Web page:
Iran Is Not Just Khomeini

By , Henry Precht, a retired Foreign Service officer, was in charge of the State Department's Iran desk during the revolution and hostage crisis. He is president of the Cleveland Council on World Affairs.

IRAN evokes excess. Something about the place drives everyone who touches it to extremes. A people of subtle culture and intelligence, Iranians appear to outsiders to despise balance and perspective. The very diverse people who live in that complex land or in exile have become regular victims of uninformed, undifferentiated attacks. Ayatollah Ruhollah Khomeini outraged civilized norms with his death sentence condemnation of Salman Rushdie. In response, Western governments and media abandoned rational analysis to denounce the ayatollah's nation and government for his offense.

A few weeks later, the vehicle of the Vincennes captain is bombed and the press headlines the usual anonymous caller who names Iran responsible. A Federal Bureau of Investigation official implies all Iranian students are suspect. A full-page ad demands military action against Iran.

Only days before Ayatollah Khomeini's explosion, experts in the West were discerning a more pragmatic, open outlook in Tehran. Iran's official relations seemed headed for improvement with all Western governments, including our own. All that seems now on indefinite hold after the blast of Western criticism, withdrawn ambassadors, suspended contracts, reduced oil purchases.


Now we confuse and condemn Iran with Khomeini, ignoring the quiet voices of evident distress from other leaders - their pragmatic plans for development dragged down by the cycle of anathemas exchanged between Khomeini and the West. To be sure, no one in Iran can confront the supreme ruler. But Iran is not now, as it was not before the revolution, a Pahlavi land where only one voice counts. When President Khamenei said an apology from Mr. Rushdie might help ease Muslim feelings, he and others making similar statements were trying to undo the political damage done by the ayatollah's excess. They failed, but their voices still merit attention.

The Khomeini-Khamenei difference in approach to Rushdie gives us a sense of the difficulties confronting lesser clerics and technocrats who must govern under the 88-year-old boss. Only in retrospect and with some imagination can we understand how long and hard it was for those around Khomeini to prevail in getting a cease-fire with Iraq. Let us pause to pity the plight of those elusive Iranians we cherish, the moderates.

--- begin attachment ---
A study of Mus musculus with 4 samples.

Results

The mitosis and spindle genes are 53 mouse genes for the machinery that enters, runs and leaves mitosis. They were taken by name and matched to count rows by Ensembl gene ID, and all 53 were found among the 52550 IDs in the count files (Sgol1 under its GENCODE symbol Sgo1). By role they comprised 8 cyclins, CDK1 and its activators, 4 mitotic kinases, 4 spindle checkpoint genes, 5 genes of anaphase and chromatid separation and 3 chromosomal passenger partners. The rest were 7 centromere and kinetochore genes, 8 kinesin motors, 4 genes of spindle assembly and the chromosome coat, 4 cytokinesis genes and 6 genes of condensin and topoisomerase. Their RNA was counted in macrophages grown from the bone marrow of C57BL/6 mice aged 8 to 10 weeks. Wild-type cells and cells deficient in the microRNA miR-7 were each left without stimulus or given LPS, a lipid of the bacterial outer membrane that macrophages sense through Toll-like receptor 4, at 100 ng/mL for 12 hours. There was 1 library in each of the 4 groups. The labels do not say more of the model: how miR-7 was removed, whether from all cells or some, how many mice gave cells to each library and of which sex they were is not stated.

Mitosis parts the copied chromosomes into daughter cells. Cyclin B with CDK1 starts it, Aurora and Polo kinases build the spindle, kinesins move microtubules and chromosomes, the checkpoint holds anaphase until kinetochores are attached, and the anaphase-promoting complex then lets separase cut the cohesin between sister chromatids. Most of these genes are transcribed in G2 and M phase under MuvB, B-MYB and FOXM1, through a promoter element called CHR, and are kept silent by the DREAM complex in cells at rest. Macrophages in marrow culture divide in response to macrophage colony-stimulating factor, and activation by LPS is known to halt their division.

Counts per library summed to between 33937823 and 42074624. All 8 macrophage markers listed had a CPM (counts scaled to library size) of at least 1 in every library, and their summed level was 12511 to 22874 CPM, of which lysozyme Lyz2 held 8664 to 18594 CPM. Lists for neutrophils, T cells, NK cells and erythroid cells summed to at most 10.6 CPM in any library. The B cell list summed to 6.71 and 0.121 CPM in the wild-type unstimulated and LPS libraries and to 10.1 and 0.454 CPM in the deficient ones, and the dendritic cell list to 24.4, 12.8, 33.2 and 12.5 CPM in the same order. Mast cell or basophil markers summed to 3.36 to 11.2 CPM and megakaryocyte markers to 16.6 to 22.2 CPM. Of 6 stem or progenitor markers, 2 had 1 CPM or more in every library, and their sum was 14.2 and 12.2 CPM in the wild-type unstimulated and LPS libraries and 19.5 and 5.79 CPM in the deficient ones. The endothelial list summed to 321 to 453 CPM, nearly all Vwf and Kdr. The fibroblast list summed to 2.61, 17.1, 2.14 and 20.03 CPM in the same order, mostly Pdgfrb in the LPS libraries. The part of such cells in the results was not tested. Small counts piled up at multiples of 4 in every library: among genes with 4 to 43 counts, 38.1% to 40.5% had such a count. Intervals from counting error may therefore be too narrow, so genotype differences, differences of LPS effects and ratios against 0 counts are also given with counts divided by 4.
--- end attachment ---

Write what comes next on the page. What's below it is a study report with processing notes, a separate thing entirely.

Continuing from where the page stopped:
There was a team of them hitchhiking on the plane that took the official Iranian delegation to Hirohito's funeral during the height of world reaction to Khomeini's blast. Economists, planners, technocrats, they went to their ambassador's, where two days of seminars had been arranged with Japanese counterparts.

Recovery from the devastation of the Iraqi war was the Iranian concern. How did Japan rebuild after the destruction of World War II? What roles did the government and private sector play? What were the priorities for allocation of resources? The sources of capital?

According to a Japanese participant, the Iranians were serious, competent men; none would discuss politics or religion. Shortly after their return to Tehran, they learned the Japanese government had responded to Western pressure by cutting oil purchases 20 percent.

Someday, the experts assure us, Khomeini will be gone. That will deprive us of a favorite target for abuse, but Iran will still be there. And it will be almost as important as it was in the days of Nixon/Kissinger/Brzezinski, despite improved relations with the Soviet Union and diminished interest in energy sources.

Whatever its geopolitical significance and potential, Iran - by any objective standard - deserves better treatment at the hands of those who shape public opinion. Let them strive for the restraint, recognition of limits, and integrity of classical Persian culture. An informed analysis before pronouncing and respect for our normal standards of fairness are good starting points. (A good test case might be whether we stick to our high principles and compensate the families of the Vincennes' tragic error.)

Finally, we should resign ourselves to the reality that Iran will not again become the country it was. Like it or not, the inevitable changes ahead will bring rough moments as religion and traditional culture adjust to the demands of a modern economy, as revolutionary virtue conflicts with historical values.

In time, Iran's technocrats will be able to resume their work of reconstruction and evolving a new society. We in the West can ease their way a bit by a little ``moderation'' in our attitude toward their country.